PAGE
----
These kinds of machines have been used for decades to collect evidence that is used in court proceedings ... and to send others on their way.
One Vancouver lawyer claims the machines are “notoriously” faulty ... even after 2,000 of the machines were taken out of service in B.C. for recalibration.
Paul Doroshenko says documents he got under the access to information showed 100 of the devices have accuracy problems — and these are documents from police forces.
Among the problems found with screening devices in our westernmost province was that they can be unreliable in the cold, with a RCMP document indicating the units can only be used if they are kept between temperatures of 10 and 40 C.
Police are also expected to calibrate the machines every 30 days.
Those accuracy questions should be of concern to every driver in Canada, not just in British Columbia.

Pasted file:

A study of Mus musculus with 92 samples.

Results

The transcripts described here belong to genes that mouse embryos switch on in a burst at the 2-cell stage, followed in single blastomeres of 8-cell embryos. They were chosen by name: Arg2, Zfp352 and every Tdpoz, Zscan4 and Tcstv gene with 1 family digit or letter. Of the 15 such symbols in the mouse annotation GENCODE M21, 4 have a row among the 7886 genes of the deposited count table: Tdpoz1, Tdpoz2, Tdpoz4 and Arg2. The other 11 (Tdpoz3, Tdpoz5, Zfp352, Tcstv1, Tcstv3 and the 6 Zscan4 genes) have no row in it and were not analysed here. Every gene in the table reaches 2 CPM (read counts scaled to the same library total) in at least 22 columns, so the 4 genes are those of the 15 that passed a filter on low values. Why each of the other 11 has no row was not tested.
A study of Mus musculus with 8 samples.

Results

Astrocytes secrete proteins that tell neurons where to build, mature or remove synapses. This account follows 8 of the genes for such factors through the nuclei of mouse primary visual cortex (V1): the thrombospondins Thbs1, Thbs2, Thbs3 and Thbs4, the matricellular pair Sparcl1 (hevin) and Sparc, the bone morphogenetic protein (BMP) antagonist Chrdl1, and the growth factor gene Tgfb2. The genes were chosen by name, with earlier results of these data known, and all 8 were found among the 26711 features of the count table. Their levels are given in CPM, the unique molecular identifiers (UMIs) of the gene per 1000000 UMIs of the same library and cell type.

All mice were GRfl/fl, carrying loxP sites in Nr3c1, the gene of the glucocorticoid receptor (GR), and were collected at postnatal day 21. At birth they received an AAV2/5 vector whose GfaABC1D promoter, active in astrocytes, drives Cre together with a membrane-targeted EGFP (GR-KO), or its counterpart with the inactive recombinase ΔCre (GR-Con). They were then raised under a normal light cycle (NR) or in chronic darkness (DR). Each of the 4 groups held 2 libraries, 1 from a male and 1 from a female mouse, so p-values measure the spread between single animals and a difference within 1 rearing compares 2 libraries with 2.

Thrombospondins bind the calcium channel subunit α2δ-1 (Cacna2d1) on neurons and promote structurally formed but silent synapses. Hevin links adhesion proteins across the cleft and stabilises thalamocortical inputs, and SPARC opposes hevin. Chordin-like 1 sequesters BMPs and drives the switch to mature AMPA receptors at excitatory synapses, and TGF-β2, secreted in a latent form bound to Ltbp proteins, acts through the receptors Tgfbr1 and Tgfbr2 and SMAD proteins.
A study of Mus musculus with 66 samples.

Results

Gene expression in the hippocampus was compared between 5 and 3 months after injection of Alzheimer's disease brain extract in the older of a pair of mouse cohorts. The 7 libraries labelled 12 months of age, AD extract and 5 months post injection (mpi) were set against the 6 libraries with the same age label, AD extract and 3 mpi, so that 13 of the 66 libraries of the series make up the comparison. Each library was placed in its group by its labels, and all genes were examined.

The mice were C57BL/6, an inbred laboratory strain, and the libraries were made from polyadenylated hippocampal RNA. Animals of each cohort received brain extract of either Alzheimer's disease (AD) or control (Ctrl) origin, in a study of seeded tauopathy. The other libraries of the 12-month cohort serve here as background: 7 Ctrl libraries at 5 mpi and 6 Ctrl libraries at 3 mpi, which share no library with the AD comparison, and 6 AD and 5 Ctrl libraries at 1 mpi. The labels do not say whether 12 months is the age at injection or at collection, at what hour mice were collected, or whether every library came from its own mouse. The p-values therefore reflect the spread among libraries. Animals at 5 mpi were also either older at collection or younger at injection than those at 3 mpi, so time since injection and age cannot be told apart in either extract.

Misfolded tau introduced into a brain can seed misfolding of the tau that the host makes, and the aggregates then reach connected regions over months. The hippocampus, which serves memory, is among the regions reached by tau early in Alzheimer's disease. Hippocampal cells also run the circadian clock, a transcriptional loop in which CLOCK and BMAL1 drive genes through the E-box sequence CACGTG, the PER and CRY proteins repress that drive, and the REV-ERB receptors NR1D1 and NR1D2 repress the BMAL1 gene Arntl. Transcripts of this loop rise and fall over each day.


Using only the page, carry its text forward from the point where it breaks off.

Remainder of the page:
It’s bad enough that some innocent people may have been convicted with inaccurate reading from the machines ... it’s even more worrying that drunk drivers may have been set free and sent on their way because the machine they blew into was wonky.
The least citizens can expect is that police have the proper equipment to do their jobs and these machines are getting the maintenence they require.
It makes one wonder how these portable breathalyzers work in this province. Are they any more dependable than those in B.C.?
It should give drivers pause to think and worry ... and police forces a reason to change the way they do business.